United Kingdom prime minister doesn't back second Scottish independence vote

United Kingdom prime minister doesn't back second Scottish independence vote

United Kingdom prime minister doesn't back second Scottish independence vote

Speaking to the BBC's Today programme, he said the Scottish Parliament would discuss the request to hold another Scottish independence referendum next week and he was confident a vote to ask for one would be passed.

In Edinburgh, Nicola Sturgeon said she would be "up for" a discussion with May about the timing of a new independence referendum.

It followed Prime Minister Theresa May rejecting calls for a second independence vote before Brexit.

Mrs May told delegates: "Our Party believes heart and soul in our United Kingdom of Great Britain and Northern Ireland".

While Sturgeon has pledged to hold another referendum, former Respect MP and host of RT's Sputnik program George Galloway has cast doubt on Scotland's chances of becoming a member of the European Union once independent, claiming the country is "far from being in love with the European Union in the way the SNP like to think".

With the European Union (Notification of Withdrawal) Bill finally receiving Royal Assent after going through both houses of Parliament, the Prime Minister, Theresa May, has finally been given the power, as expressed by the people of the United Kingdom in the referendum on June 23 a year ago, to invoke Article 50 and start the process of the UK leaving the European Union.

Labour said it would be "entirely unacceptable" to hold such a vote as senior SNP figures, including the First Minister, declined to rule out holding a vote without the consent of the UK Government. "That would be a democratic outrage", Robertson said, as aired by the Sky News TV channel. The government has achieved its ambition of passing a "straightforward" two-line bill that is confined to the question of whether ministers can trigger Article 50 and start the formal Brexit process.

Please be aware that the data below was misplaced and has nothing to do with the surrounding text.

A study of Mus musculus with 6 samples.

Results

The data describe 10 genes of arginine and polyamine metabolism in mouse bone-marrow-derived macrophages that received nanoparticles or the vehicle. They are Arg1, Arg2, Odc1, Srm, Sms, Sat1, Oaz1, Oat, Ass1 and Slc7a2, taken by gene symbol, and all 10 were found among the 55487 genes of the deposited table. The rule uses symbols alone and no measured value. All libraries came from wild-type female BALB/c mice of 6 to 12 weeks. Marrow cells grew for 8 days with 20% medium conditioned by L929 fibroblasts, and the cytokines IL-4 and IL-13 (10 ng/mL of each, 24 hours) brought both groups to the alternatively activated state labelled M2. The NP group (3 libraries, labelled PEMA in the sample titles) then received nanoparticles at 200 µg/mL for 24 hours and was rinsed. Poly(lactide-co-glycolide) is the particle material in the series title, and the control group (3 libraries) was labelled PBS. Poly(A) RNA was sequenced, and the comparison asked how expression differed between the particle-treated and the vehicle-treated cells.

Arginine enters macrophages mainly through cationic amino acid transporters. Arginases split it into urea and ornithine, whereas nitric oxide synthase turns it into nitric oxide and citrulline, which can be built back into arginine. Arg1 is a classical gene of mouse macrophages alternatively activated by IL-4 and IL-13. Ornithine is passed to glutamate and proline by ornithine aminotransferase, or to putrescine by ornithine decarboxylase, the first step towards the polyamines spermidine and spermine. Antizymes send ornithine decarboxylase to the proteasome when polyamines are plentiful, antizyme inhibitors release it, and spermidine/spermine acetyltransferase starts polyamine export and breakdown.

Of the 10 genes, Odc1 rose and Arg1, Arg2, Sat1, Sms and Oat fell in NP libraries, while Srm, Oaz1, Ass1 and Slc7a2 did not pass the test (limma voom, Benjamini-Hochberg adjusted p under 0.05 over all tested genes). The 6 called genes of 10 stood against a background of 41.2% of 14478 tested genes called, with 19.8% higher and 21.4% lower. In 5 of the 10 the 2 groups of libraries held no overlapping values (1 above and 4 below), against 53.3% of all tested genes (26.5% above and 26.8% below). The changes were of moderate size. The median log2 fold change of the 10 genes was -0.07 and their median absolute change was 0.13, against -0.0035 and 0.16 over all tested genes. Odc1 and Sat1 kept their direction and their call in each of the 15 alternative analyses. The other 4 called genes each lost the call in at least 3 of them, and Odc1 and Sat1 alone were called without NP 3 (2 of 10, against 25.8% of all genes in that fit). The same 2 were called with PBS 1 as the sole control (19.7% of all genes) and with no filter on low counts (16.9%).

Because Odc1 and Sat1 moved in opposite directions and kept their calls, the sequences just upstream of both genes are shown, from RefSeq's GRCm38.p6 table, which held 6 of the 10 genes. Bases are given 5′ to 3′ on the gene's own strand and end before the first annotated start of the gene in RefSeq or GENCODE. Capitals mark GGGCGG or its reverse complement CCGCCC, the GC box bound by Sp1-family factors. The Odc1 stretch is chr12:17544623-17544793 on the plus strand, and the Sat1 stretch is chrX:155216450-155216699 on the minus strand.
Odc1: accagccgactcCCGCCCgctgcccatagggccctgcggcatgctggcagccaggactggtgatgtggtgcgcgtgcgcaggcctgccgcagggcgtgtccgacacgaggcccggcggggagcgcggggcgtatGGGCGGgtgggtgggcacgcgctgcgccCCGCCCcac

Scotland's First Minister Nicola Sturgeon's plans for a second independence referendum were rejected by May.

A third time, Mr Swinney said: 'I think the Prime Minister would be ill-advised to stand in the way of the democratic wishes of the people of Scotland, as expressed democratically in the elected Parliament'. "The coming negotiations with the European Union will be vital for everyone in the United Kingdom". Areas like Paisley have long supported Scottish bids for independence. May has said she will do so later this month.

In response to May's remarks, Sturgeon tweeted that the prime minister must lack confidence in her own timetable if she thinks Brexit negotiations will not be laid out by autumn next year.

But EU negotiators warn it could take two years just to settle the divorce terms, and agreeing on a new relationship for the United Kingdom and the EU could take years longer.